Tax system sets up SMEs to fail in a crisis – Atterton

06/08/2008 - 22:00


Tax system sets up SMEs to fail in a crisis – Atterton

Former academic Tim Atterton believes Australia's tax system sets up small business for failure in times like these by discouraging the retention of profits, distracting management and undermining strong balance sheets.

To maximise personal wealth creation, the owners of small-to-medium enterprises tend to control their businesses through trusts, which have to distribute earnings and leave little in the way of long-term assets directly linked to the operations themselves.

"As a result, growth is funded through excessive borrowings that the banks have been all too happy to provide," Mr Atterton said.

"However, this creates over-gearing on a massive scale that comes back and haunt the business sometime in the future, most likely when the economy begins to slow down."

Mr Atterton's concern is that the focus on tax minimisation comes at a high price in terms of management time and ultimately building a strong business entity separate from the people who created it.

"Small business is so busy managing tax," Mr Atterton said. "It is not to say businesses are not doing well, but it is for the short-term

"They are working hard and they think they are doing fine.

"None of them is looking at their balance sheets."

Mr Atterton's credentials for such a view are strong.

From 1990 to 2000, he was executive director of the Entrepreneurship Centre at Durham University Business School in the UK, and from 2000 to 2006 he was director of the BankWest Entrepreneurship & Business Development Unit at Curtin Business School, through which he worked with dozens of WA's most successful entrepreneurs.

For the six years to 2006 he was also chairman of the state government's Small Business Development Corporation.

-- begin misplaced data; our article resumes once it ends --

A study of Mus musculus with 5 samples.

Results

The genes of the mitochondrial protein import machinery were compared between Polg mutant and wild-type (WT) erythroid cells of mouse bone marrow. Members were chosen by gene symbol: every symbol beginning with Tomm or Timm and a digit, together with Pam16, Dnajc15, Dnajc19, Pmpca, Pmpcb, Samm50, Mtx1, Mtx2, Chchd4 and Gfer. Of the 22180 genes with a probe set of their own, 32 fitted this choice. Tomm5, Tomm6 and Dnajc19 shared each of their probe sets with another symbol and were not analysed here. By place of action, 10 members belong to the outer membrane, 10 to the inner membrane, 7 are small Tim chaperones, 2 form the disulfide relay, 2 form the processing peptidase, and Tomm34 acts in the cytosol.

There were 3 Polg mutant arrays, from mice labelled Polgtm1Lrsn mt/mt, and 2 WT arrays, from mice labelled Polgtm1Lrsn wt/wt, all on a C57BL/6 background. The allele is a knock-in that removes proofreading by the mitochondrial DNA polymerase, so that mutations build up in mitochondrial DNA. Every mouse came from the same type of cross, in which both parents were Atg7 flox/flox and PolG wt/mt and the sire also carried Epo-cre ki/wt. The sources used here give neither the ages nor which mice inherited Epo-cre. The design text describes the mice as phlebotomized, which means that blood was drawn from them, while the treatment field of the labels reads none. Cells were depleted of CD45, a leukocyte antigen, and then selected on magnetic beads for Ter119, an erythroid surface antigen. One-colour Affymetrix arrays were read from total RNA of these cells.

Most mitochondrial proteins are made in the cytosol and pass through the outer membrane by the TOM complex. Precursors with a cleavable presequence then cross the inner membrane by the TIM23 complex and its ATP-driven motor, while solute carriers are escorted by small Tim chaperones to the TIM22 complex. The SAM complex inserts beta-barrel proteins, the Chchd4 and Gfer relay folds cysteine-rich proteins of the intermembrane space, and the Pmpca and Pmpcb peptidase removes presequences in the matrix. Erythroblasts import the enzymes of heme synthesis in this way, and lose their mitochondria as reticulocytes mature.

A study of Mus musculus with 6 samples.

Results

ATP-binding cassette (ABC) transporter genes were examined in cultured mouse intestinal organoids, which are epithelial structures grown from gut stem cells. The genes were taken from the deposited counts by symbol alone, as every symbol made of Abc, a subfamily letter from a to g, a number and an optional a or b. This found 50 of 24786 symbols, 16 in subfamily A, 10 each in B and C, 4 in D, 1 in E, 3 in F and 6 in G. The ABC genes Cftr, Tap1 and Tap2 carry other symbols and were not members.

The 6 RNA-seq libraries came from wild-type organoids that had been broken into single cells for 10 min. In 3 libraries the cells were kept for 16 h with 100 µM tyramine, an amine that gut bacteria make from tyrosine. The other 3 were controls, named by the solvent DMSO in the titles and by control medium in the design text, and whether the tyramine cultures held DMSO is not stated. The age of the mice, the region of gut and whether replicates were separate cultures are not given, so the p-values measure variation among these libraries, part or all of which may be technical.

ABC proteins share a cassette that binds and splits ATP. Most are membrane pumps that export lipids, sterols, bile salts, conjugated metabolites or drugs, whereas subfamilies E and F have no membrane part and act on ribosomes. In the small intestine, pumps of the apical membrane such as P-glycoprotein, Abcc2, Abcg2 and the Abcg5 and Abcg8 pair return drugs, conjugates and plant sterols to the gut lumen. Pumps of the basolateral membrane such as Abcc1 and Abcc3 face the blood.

More recently, Mr Atterton has been delivering federally funded business advice to companies in WA via his own consultancy, Business Dynamics.

He recently completed a road show of 20 regional centres lecturing to 750 small businesses, a process which reinforced his view that Australia's tax system sets up privately owned business for failure.

"All that did was reinforce this view that we have a short-term recipe for long-term national disaster," Mr Atterton told WA Business News.

For the origin of that line, Mr Atterton cites a Global Entrepreneurship Monitor survey by a number of institutions, including Victoria's Swinburne University of Technology, which found Australian SMEs were inadequately prepared for long-term growth.

Mr Atterton said the unit trust style of ownership -a divergence from the policies of Ronald Reagan and Margaret Thatcher which have been adopted across the US and Europe - affected many aspects of balance sheet management and led to the need for long-term personal guarantees from business owners.

"The vast majority of small businesses never look at their balance sheets, even at the end of the financial year," Mr Atterton said.

"Certainly, most do not understand them.

"As a result, they have no idea how weak their businesses may be and how vulnerable they are to a downturn in the economy."